Army Pfc. Milton Lee Olive III. (Photo: U.S. Army)
Army Pfc. Milton Lee Olive III. (Photo: U.S. Army)

With one selfless act, young combat veteran became a battlefield legend.

In May 1963, the U.S. Army's 173rd Airborne Brigade became the first major combat unit to arrive in Vietnam. As the Army's only action-ready unit in the Pacific at that time, it was only a matter of weeks before the "Sky Soldiers" of the 173rd encountered the enemy firsthand. Again and again, these soldiers would struggle to secure and keep the 60-square-mile area known as War Zone D.

Also known as the "Iron Triangle," this territory would be Pfc. Milton Lee Olive III's final battlefield. The quiet young man from Chicago's South Side was, like so many of his fellows, already a hardened combat veteran at the age of 19.

Thus, the men of Company B's 3rd Platoon considered their Oct. 22, 1965, patrol near Phu Cuong routine. As they moved through jungle brush, they tried to spot Viet Cong operating in the area. At different times, they were under varying degrees of enemy fire, sometimes pinned down temporarily. Olive, by all accounts a good-humored, hardworking soldier, was constantly up front, exposing himself to enemy fire.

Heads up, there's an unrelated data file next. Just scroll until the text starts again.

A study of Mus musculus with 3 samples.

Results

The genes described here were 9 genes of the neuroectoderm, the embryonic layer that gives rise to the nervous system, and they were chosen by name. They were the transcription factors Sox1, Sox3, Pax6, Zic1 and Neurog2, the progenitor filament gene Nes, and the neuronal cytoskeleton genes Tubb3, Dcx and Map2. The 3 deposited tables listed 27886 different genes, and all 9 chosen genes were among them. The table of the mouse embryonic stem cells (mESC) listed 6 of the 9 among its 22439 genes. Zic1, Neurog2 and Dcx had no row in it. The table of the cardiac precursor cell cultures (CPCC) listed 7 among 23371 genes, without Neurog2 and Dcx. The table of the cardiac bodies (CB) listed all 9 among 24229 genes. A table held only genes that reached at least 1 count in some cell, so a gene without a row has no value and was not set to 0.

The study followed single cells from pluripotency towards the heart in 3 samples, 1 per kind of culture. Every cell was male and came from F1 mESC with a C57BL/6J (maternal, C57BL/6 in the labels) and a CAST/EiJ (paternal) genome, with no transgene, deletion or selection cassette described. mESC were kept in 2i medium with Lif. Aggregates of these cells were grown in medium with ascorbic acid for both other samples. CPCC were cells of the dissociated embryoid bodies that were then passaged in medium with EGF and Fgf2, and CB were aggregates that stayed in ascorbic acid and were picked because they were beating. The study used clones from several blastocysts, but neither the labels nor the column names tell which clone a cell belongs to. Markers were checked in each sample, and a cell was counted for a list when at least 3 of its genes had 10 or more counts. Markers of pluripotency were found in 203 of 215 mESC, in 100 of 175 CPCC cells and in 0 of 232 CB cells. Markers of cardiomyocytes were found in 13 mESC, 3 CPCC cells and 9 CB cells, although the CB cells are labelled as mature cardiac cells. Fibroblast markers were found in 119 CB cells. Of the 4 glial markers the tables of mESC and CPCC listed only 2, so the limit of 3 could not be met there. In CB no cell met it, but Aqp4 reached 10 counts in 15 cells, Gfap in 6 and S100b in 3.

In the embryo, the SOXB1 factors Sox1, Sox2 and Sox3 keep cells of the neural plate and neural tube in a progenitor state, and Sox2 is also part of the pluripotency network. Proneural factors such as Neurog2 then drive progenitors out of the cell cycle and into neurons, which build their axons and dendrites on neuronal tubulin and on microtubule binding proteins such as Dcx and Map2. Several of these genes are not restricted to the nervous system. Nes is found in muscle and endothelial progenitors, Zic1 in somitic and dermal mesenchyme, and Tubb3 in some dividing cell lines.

Olive and four others, including his platoon commander, were quietly and steadily pursuing one band of Viet Cong through the tangled growth. Suddenly, one of the enemy turned and threw a hand grenade into the middle of the platoon.

Olive dashed forward and grabbed the grenade. Yelling "I've got it," he tucked it into his middle and moved away from the others, falling on the grenade and absorbing the full blast.

"It was the most incredible display of selfless bravery I ever witnessed," the platoon commander later told a journalist.

Milton Olive's sacrifice saved his comrades' lives. In his death, he has become an inspiration to many of his fellow Chicagoans, who have further commemorated this Medal of Honor winner's life and courage by naming a junior college, a park, and a portion of the McCormick Place Convention Center after the young African-American soldier.